I doubt David Lammy and Diana Johnson could put forward a coherent argument for the importance of foreign language learning in relation to business competitiveness: the UK's main non-European trading partners are scrambling to learn English and attend British and American universities to do so ("Monoglottal stop", www.timeshighereducation.co.uk, 5 April).
This is not to say that foreign languages aren't important, but rather that the business argument is not an appropriate one for foreign language learning in primary and secondary schools.
The other suggestions in the article are sensible, but also unsubstantiated; how many British citizens work in Europe and use foreign language rather than English language skills? How can the UK's research reputation decline due to the dearth of foreign language skills when most journals of significance are published in English and English is the most widespread second language in the world?
Likewise, it is all well and good saying that "75 per cent of the world's population do not speak or understand English at all", but why is using the world's population a useful argument for educational reform in an island of 60 million people?
Lammy and Johnson say that "if UK students lack the right skills, they could find themselves struggling to compete for jobs in high-value, high-skills businesses and industries". However, less than half of all secondary students get five good GCSEs; why are foreign language skills so important? Explain the usefulness of these skills to British workers, most of whom will work and die in the UK.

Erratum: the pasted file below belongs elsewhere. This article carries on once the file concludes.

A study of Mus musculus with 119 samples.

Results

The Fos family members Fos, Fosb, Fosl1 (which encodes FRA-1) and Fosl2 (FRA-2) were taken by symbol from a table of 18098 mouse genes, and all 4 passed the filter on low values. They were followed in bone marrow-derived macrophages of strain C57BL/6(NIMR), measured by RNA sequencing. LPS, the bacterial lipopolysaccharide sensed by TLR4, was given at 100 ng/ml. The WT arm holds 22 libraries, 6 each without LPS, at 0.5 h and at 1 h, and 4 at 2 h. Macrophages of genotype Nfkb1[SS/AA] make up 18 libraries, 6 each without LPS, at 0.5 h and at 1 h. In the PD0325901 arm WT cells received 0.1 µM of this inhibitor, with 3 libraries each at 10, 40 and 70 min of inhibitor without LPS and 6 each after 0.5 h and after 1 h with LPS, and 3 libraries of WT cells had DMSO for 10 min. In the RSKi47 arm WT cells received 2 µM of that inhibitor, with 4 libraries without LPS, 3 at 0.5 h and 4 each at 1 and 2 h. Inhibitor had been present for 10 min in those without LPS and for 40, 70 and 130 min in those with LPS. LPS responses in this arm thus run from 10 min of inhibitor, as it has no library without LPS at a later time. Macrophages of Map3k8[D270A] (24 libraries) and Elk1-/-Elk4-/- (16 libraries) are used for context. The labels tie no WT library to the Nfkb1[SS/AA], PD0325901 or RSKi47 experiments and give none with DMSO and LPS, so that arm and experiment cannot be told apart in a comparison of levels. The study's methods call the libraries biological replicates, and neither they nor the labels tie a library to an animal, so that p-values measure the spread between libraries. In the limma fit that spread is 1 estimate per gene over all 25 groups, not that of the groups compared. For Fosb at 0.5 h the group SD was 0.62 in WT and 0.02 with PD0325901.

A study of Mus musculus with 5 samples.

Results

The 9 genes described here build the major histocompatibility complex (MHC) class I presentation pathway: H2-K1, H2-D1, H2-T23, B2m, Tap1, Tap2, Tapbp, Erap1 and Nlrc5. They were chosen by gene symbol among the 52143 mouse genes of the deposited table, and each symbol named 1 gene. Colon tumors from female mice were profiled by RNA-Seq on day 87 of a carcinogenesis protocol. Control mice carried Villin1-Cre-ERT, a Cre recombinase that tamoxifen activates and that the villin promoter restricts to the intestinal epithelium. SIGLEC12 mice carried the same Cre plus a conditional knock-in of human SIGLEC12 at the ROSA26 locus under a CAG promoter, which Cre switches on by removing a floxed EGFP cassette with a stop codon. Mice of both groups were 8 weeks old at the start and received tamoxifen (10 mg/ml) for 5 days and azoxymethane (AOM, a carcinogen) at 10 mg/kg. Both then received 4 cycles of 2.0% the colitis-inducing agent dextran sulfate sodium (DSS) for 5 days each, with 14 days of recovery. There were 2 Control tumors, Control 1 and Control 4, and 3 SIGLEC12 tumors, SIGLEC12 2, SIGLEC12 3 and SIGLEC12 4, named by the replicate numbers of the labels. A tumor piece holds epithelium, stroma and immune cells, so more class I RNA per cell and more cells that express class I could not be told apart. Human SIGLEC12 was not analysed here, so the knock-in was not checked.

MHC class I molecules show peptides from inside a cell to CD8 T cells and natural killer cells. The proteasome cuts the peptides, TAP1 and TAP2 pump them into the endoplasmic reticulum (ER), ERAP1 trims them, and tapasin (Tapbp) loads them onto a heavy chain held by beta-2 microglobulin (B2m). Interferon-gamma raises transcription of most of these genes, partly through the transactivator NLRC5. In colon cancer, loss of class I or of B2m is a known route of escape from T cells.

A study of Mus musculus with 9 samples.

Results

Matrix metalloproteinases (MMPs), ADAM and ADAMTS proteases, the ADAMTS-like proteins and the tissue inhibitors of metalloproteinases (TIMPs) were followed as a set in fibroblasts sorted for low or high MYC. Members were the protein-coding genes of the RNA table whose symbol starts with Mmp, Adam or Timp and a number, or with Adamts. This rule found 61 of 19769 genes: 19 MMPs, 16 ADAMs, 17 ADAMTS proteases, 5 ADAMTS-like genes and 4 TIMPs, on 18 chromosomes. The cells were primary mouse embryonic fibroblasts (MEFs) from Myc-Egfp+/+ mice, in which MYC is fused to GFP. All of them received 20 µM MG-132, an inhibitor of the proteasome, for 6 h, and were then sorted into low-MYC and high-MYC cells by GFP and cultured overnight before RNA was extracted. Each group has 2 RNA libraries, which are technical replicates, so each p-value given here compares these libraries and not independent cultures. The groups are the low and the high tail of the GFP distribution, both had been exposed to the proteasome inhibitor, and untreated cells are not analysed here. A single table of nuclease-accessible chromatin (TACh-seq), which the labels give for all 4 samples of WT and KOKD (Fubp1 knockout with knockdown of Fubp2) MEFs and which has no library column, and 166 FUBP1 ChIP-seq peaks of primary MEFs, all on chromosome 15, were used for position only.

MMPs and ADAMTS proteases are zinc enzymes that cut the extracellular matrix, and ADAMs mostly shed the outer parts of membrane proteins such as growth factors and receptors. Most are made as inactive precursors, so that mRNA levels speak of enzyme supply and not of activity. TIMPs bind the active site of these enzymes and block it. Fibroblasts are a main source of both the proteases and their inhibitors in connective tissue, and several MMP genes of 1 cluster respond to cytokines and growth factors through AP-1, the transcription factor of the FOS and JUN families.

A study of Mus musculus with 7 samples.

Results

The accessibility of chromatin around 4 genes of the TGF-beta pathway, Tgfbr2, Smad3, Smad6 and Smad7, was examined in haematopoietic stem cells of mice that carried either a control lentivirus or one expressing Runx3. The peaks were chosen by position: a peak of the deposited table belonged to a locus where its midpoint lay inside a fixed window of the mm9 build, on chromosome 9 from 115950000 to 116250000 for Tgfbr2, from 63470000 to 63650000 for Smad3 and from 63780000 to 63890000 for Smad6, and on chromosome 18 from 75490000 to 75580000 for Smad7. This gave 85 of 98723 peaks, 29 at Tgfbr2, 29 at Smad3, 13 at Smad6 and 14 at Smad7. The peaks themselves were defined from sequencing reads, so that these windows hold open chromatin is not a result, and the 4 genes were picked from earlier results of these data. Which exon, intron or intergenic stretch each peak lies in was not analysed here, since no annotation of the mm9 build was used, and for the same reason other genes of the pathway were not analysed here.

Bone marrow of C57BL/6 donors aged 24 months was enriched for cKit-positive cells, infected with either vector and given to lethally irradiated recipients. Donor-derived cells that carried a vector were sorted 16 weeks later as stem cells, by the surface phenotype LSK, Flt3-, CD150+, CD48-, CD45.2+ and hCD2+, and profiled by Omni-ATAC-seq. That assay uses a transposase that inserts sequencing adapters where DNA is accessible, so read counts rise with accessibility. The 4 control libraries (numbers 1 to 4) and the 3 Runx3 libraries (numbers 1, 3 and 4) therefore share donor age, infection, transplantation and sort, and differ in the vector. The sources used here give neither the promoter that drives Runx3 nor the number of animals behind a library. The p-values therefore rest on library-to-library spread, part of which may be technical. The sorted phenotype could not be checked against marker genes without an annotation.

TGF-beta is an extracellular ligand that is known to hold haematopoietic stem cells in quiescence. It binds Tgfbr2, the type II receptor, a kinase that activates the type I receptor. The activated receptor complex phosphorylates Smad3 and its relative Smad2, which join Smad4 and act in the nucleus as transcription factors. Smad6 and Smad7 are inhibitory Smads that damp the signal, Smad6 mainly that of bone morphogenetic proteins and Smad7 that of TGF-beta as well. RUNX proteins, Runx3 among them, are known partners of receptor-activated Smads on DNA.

Let us consider the academy: universities' foreign language departments are closing; Erasmus participation rates are low; the Arts and Humanities Research Council is severely underfunded; and postgraduate funding in general is terrible.
Unlike most other European countries (and the US), the UK is unwilling to fund students who move outside Britain (let's not patronise them and suggest that career development loans are viable funding solutions).
In summary, Lammy and Johnson cannot or are unwilling to put their money where their mouth is. It's talk, talk, talk.
Richard Armstrong (via the internet).